Is pest management bugging you?
On 27 September 2021, the Medicines and Poisons Act 2019 (MAPA) came into full force and replaced the Pest Management Act 2001 in Queensland. Property managers should be aware of this legislation when addressing pest management with their tenants.
"Pest management" includes killing, repelling or stupefying a pest, treating soil where pests may live, carrying out a fumigation activity, inhibiting feeding of a pest or modifying the physiology of a pest to alter its natural development or reproductive capacity.
Who can carry out pest management?Under the MAPA, it is an offence to carry out pest management activities if unauthorised or without a reasonable excuse, unless exempt under section 44(2). The tenant can of course carry out household pest management where poisons or treatments can be purchased at a supermarket.
Alternatively, a person carrying out pest management activities must have a pest management licence. It is also an offence to offer to carry out a pest management activity for a pest management business unless the person has a licence or employs a person with a licence to carry out the pest management.
A property manager must not offer to carry out a pest management activity unless they are licensed or employ someone who is licensed to carry out the work. Essentially, unlicensed work won't fly.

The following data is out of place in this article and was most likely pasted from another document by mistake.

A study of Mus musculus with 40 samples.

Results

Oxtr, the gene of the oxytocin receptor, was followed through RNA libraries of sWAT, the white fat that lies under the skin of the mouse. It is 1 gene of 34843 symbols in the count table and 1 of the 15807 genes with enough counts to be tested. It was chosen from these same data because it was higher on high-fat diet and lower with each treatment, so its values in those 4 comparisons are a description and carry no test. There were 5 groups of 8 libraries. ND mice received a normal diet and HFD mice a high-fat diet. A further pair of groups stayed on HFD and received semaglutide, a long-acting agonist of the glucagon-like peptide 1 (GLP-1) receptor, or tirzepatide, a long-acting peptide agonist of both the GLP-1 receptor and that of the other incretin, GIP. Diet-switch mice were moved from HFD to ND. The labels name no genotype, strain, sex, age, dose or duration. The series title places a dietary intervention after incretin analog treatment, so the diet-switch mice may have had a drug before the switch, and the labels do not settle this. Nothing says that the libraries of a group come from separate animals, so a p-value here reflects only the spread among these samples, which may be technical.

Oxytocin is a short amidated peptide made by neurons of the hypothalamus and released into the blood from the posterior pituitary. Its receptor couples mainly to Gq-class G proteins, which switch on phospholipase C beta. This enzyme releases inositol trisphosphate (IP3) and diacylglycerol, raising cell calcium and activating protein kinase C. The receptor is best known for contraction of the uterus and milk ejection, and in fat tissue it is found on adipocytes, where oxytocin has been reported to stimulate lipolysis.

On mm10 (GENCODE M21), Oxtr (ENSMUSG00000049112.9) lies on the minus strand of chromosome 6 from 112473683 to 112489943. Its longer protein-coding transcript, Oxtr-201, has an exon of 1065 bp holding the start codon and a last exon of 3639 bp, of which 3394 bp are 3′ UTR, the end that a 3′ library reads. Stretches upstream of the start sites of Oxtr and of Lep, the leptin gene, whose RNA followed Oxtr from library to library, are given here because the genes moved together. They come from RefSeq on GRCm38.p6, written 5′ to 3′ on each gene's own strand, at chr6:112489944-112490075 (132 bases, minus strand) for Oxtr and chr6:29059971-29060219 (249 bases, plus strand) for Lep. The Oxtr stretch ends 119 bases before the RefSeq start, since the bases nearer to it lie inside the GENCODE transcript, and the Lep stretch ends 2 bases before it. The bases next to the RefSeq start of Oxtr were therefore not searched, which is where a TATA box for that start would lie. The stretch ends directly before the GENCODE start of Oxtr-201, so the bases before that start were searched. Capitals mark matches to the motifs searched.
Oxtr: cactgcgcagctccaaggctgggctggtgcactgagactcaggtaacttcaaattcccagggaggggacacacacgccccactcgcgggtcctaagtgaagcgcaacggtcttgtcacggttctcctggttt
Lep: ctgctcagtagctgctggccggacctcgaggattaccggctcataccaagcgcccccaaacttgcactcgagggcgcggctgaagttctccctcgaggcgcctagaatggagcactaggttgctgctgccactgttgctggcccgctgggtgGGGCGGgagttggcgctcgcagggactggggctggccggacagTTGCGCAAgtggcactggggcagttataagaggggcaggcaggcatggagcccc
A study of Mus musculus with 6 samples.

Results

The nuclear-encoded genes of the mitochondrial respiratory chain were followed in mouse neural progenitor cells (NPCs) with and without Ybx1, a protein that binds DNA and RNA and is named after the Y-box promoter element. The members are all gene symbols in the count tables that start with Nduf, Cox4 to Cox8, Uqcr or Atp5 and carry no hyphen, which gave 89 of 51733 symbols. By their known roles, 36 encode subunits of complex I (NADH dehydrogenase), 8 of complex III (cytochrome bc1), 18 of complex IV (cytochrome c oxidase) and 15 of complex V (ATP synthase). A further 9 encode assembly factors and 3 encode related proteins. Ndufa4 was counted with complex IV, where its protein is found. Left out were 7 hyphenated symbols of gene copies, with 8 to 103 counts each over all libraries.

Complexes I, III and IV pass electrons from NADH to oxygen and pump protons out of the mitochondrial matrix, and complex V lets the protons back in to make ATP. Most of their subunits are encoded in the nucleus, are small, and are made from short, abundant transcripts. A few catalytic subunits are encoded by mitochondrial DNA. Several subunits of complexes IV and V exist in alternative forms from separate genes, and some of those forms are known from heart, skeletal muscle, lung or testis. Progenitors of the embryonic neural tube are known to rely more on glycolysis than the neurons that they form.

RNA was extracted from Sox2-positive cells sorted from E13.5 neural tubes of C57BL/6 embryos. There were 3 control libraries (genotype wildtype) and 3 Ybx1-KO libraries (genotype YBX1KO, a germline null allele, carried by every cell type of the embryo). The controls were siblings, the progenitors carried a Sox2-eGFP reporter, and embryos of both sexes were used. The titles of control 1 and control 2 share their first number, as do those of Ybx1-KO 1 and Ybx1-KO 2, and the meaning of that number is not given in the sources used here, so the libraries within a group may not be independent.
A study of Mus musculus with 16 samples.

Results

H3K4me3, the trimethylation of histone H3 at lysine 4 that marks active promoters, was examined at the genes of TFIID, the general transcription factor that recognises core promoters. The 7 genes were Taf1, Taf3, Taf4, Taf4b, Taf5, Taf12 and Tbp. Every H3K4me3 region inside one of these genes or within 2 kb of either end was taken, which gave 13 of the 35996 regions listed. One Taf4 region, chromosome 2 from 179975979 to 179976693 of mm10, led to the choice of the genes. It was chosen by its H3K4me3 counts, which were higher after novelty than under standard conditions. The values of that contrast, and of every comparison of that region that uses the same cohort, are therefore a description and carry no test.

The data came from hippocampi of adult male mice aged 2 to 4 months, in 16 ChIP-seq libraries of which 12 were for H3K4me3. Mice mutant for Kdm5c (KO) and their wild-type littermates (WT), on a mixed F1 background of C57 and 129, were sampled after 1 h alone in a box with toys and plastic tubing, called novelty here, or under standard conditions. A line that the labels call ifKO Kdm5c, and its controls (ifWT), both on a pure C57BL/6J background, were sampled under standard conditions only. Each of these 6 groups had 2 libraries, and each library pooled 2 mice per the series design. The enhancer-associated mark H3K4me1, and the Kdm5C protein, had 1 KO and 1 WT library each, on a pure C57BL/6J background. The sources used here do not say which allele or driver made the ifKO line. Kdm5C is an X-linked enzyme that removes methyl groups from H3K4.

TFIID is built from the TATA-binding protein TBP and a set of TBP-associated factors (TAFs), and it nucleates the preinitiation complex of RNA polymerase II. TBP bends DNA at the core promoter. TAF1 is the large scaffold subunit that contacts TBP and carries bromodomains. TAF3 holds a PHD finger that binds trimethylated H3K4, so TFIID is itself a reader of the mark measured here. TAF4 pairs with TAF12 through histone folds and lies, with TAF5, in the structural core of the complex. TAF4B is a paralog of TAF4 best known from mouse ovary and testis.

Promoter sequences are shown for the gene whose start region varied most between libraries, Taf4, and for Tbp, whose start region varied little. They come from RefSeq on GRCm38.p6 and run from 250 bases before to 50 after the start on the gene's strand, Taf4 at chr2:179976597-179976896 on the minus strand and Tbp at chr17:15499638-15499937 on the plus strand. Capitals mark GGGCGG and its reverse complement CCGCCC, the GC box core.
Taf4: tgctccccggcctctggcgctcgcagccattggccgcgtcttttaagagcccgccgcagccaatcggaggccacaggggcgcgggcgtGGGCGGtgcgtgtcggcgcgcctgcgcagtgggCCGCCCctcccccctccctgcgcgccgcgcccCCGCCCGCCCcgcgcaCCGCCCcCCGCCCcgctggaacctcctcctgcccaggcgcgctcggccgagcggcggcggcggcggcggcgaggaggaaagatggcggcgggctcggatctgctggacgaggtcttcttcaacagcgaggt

Tenant obligationsUnder the terms of the Form 18 General Tenancy Agreement, the tenant is obligated to keep the premises free from pests and vermin. Usually, a tenant will arrange their own pest management.
If a tenant makes enquiries about pest management, the REIQ recommends agents at minimum refer the tenant to three licensed pest management businesses for consideration.
Queensland Health may sting you with a significant penalty of up to $27,750 per offence if the MAPA is not complied with.
15 Nov 2019
3 min read
Are your property transactions safe from cybercrime?
The property market is the perfect playground for cybercriminals - large sums of money are constantly being transferred between parties with the majority of communications sent via email.
15 Nov 2019
5 min read
Be careful what you do with confidential information
The recent settlement of a claim between a real estate agency and a former employee serves as a timely reminder to real estate professionals that utilising a former employer's confidential client information can be very costly.